Adds new video - Two priests have been sentenced to six years and five years, respectively, after being convicted of sexually abusing boys at St Joseph Home in Hamrun.

They have given notice of appeal.

Fr Charles Pulis was sentenced to six years in jail after nine cases were proven against him. Eight took place in the home and another in Marfa.

Fr Godwin Scerri was sented to five years in jail on conviction of similar charges.

Sentence was delivered by Magistrate Saviour Demicoli in a judgement of over 100 pages, bringing to an end a case which first came to public attention in September 2003.The cases happened some 20 years ago. 

The priests will appeal.


The victims welcomed the verdict.

"I am very satisfied. Many victims were scared of speaking out, this will help the truth to come out in more cases," Lawrence Grech told

"They did a lot of harm, some of the victims ended up taking drugs, some have died. That hurt will never go away, Mr Grech said, with tears in his eyes.

He said that he hoped the process in the Church would now be concluded soon and that these two priests would be removed from the priesthood immediately.

It was regrettable, he said, that the Church process had taken too long and the apology given some months ago was not enough.


The court case started eight years ago. 

The accused, Fr Godwin Scerri and Fr Charles Pulis stood expressionless in the dock as the judgement was read out, a process which took almost two hours.

They were charged with abusing 11 boys who were in their care. Fr Scerri was charged, on his own, of raping a boy at Marfa. He was acquitted of that charge because the rape had not taken place at Marfa, but at St Joseph Home.

In its verdict, the court said it agreed with the prosecution that this case was not time-barred.

The court said cases were proven against Fr Pulis in eight cases which occurred at St Joseph Home and another in Marfa. 

The court noted that Fr Scerri had claimed he was not in Malta when the cases  happened. There were two departure stamps on his passport- September 1985 and July 1990. There were no arrival stamps but the departure ones indicated he must have been in Malta for some time between the two departure dates, the court said.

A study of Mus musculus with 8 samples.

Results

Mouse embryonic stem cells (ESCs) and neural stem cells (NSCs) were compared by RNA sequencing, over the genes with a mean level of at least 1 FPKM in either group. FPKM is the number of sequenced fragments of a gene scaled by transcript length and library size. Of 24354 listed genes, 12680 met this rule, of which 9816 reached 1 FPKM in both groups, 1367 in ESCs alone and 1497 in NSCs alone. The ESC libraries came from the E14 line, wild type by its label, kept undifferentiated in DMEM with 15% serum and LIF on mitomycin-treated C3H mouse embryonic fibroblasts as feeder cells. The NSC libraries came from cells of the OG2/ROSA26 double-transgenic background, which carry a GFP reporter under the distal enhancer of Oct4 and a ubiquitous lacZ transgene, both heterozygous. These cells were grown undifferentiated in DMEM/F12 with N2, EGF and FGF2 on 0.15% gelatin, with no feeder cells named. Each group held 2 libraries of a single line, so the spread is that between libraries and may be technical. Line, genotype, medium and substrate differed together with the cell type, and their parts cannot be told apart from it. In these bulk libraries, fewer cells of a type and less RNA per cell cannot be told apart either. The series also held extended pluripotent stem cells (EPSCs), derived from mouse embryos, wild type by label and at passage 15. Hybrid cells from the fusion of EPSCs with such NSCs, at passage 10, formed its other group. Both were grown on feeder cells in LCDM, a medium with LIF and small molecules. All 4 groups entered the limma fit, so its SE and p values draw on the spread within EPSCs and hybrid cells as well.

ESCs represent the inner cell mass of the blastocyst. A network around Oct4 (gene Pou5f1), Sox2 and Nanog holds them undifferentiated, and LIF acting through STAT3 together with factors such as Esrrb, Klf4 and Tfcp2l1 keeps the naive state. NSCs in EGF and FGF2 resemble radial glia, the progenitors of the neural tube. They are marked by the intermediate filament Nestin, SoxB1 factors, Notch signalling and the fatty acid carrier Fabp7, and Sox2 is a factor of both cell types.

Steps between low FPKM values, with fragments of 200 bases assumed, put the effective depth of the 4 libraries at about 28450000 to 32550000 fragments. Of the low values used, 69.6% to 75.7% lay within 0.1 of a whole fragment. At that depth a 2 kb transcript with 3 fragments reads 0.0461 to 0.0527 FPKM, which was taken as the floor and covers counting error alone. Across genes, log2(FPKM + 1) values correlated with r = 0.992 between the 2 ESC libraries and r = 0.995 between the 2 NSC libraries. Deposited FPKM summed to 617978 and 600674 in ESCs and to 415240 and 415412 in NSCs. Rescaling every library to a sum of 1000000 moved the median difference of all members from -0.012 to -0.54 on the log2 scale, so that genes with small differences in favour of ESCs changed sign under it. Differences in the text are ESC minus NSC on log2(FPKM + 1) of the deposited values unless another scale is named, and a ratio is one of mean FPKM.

The accused originally stood charged together with a third, who passed away last January, aged 63.

The victims, who were then aged between 13 and 16, were resident at St Joseph’s Home in Sta Venera in the late 1980s when the abuse took place.

The court had banned the publication of the priests’ names and the case was heard behind closed doors. At the same time, the Church Response Team initiated an investigation.

Under the gaze of the world’s media, the victims were last year given a private audience with the Pope in Malta. The Vatican promised it would look into their case following criticism of the Response Team, which had not yet concluded its investigation seven years on.

Subsequently, the victims held a private meeting with Archbishop Paul Cremona and Gozo Bishop Mario Grech.

In an interview with The Sunday Times, in June 2010, Archbishop Cremona apologised for the delay in the Church investigation. The Vatican’s Promoter of Justice in the Congregation for the Doctrine of the Faith, Mgr Charles Scicluna, held meetings in Malta with some of the victims. He compiled their testimony and passed on the details to the Response Team.

Last October, the victims received a letter informing them that their cases were “founded” and the matter would be referred to the Vatican. Then, in January this year, the Vatican instructed the Maltese Church to set up a tribunal to conduct the judicial process into the abuse allegations 

In April, Lawrence Grech – who became the spokesman for the victims – accused the Church of delaying tactics as regards its own tribunal, pending the outcome of the criminal court case.

However, in May, a member of the tribunal hearing the case against the priests met the victims to formalise evidence they gave to the Vatican’s chief sex abuse prosecutor last summer. 


In April last year, the Curia reported that four Maltese priests were found guilty of the sexual abuse of minors and punished after their case was referred to the Holy See by the Church's response team.

Their punishment varied from not allowing them to exercise their ministry to limiting their pastoral work so that they could not work with minors and being placed under supervision.

The Curia also said that the response team, which was set up in 1999, had received a total of 84 allegations of child abuse, involving 45 Maltese priests.

Some of these cases went back to the 1970s. The response team had found a basis for the allegations made against 13 of the 45 cases.